Mad Max Reviews
Mad Max is bloated, full of busy work, and keeps women locked in chains. Fury Road this is not.
Mad Max's fondness for never-ending upgrades and tedious open-world quests stymies the exceptional car combat and compelling characters.
When it comes to simply chewing through yet another open world game, Mad Max does suffice. It's a substandard but largely competent "AAA" game in a sea full of them, and those who do value the idea of content above all else will find more than their money's worth here. There's simply no reason to pick it up, however, if you've yet to try The Witcher 3, Shadow of Mordor or Batman: Arkham City. There are tons of better games that go for what Mad Max went for and do so in a superior manner.
While Mad Max promises thrills and violence, it only delivers on decent driving mechanics.
Surviving in a real post-apocalyptic wasteland would be a miserable existence. Mad Max nails that feeling of just wanting to crawl under a rock wait for the end. It's a miserably dull grind, occasionally made bearable by the vehicular carnage once you've suffered through the first half.
One standout and entirely fantastic element of Mad Max is the technical performance of the game. It looks great, never once did I encounter any serious frame rate issues or bugs, not a single crash. In regards to the technical sides of the game it was a flawless masterpiece from start to finish. Now if they just spent more time on the rest of it…
Light gameplay and good graphics, average game
Whilst it may not initially be obvious, open world games have dramatically evolved in the last 5 years. I was once happy with mindless collectatons, but I've grown to want more. The best open world games nowadays are an expansion of the form, but Mad Max is highly regressive in far too many areas to be meaningful. Everything I experienced during my time with the game felt like it came five years too late to the open world party. Those with any interest in the genre will have already trod similar ground long before. We've seen all these tricks done dozens of times – so much so that all the props that were once cleverly hidden away are now clear to see.
It asks us to buy Max as a wasteland messiah whose life consists of spending his most sane years playing fetch.
Mad Max is a shallow, forgettable experience
The world of Mad Max is a wonderful and interesting one. It features a host of characters that can be very enjoyable to follow. They have great designs, and, in the case of some, even better character narratives. But the meat surrounding Mad Max feels derivative and tired. The mission structure constantly disappoints, and the hand-to-hand combat provides no thrills. If it were released five years ago, Mad Max could have been revolutionary. But it was released in 2015, so Mad Max will be just another open-world adventure lost in the dust.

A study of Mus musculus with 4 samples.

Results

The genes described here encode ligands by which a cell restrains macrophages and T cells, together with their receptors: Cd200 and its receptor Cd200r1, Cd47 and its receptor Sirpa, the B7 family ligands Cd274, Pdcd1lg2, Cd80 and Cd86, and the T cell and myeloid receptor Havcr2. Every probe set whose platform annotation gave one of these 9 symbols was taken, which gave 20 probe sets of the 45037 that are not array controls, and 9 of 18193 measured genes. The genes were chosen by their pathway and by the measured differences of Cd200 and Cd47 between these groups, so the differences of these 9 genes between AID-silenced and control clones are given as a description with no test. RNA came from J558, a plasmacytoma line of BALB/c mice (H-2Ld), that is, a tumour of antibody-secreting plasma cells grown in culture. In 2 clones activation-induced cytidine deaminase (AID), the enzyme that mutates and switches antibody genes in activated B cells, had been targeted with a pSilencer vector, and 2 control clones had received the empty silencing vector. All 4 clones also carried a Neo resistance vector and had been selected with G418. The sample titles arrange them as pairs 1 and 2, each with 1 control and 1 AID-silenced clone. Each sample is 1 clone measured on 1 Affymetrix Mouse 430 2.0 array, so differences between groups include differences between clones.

By granting me what I thought I wanted—free reign to explore—Mad Max pushes its source material out of the fast and tantalizing drive of action movies and into the slow, repetitive plod of open-world action games. It delivers a vast, meticulously rendered desert with nothing special to see.
Mad Max feels like a polished title, one that tries to be a comprehensive sandbox game that, like its titular character, is able to hold its own. However, as fans of the films will know, in such a crowded world, not all can survive.
Mad Max's greatest strength is in many ways the title's most significant weakness as well. It is immediately familiar, reminding of the Batman titles and Shadow of Mordor - games that I am very much a fan of. Unfortunately on the whole, Mad Max is not as good as those titles either, coming up short in its narrative, controls and combat to create a less engaging overall experience than those titles.
Mad Max is a decent if, uninspiring time waster. You have a vast laundry list of tasks to chew through, but hardly any of them are particularly challenging or interesting. The excellent road combat and meaty progression system make it worth your time once you've beaten the significantly better open world games available at the moment.
Mad Max seemingly had it all but ultimately stumbles in the worst way possible - by not presenting enough interesting things to in its open world. Side mission and story quest design aside, there's a whole of repetition and not a lot of substance to the game's madness. Good for the odd casual playthrough but imminently forgettable.
While Mad Max avoids being the disaster that the development hell storylines surrounding it suggest that it could have been, it's an absolute testament to mediocrity. Its characters and the world itself provide a great deal of intrigue, and they will keep some players interested, but there are too many flaws to consider it a solid video game.
Mad Max's inescapable, monotonous looting in a derivative open world can't justify seeking the sparse instances of break-neck fun behind the wheel. Though there are moments that reach the level of Mad Max: Fury Road, they're unfortunately too few and far between.
Fury Road was a big, expensive, risky film that paid off because of the irrepressible will and talent of its director, George Miller. In video game form, Mad Max lacks that same kind of originality and danger. It's familiar and formulaic, competent but rarely exceptional. This Max could have used a little more madness.
Mad Max has the basics right and looks great, but beyond the first few hours it's a monotonous grind.